A proposal to replace 1960s-era low-rise apartments in downtown Sacramento with high-rise and midrise condominiums received the unanimous backing of the city’s Planning and Design Commission.
Following a three-hour hearing Thursday night, the panel voted to recommend that the City Council approve the Sacramento Commons project proposed for the 10-acre site occupied by Capitol Towers and the Sacramento Villas.
Kennedy Wilson, a Beverly Hills-based real estate investment firm, plans to retain the 15-story Capitol Towers but replace the 206 low-rise Capitol Villas units with high-rise and midrise condominiums, retail space and possibly a hotel.
The property is bounded by Fifth, Seventh, N and P streets. Designed by noted architects in the 1950s and ’60s, the current pedestrian-oriented community features streets closed to traffic and a lush canopy of trees regarded by residents as an oasis in the downtown area. The Sacramento Preservation Commission recently nominated Capitol Towers for listing in the Sacramento Register of Historic and Cultural Resources and recommended denial of the Sacramento Commons project.
Commission members argued that the project is necessary to revitalize the downtown core by increasing the number of residential units.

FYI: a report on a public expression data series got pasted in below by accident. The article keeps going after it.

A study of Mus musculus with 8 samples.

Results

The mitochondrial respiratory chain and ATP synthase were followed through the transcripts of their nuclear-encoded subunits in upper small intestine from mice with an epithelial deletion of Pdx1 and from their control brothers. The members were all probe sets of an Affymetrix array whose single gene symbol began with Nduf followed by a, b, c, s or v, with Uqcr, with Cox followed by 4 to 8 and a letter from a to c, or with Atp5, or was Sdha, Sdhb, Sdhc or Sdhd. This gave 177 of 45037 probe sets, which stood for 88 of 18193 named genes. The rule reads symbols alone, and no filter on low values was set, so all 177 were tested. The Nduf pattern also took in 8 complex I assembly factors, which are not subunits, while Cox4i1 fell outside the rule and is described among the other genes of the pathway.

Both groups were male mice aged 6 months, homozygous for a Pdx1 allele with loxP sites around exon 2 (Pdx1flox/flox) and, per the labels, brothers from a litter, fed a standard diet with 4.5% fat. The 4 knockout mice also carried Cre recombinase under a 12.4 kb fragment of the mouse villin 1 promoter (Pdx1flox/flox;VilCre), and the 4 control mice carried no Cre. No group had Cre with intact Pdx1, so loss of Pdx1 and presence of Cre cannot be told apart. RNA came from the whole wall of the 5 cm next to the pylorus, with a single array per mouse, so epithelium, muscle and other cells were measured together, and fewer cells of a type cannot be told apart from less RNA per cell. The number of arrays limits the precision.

“We need an infusion of market-rate housing downtown, and we need it at increased density,” said commission member Todd Kaufman.
Commissioners said they were swayed by the support voiced for the project by representatives of the Sacramento Metropolitan Air Quality District and Sacramento Regional Transit. Mike Wiley, Regional Transit’s general manager, said the project is close to an RT station with 10 trains an hour operating in both directions.
The project also is backed by labor unions representing construction trades, and hotel and restaurant workers, as well as the Downtown Sacramento Partnership, which represents area property owners.
Commissioners said they shared some of the concerns voiced by project opponents, including the loss of tree canopy and the risk that the property could be left to languish if the development project fell through. They supported a condition that would prohibit the developer from removing trees or demolishing the Capitol Villas units before a building permit is issued. Staff members said the developer also would be required to post a bond to ensure that the property could be landscaped if the project failed to go forward after work on the site began.
Commission members argued that approval of the project is necessary if Sacramento expects to attract private investment to revitalize the central city.
“The policies of the city say develop this parcel,” LoFaso said.
The City Council is scheduled to consider the project July 14.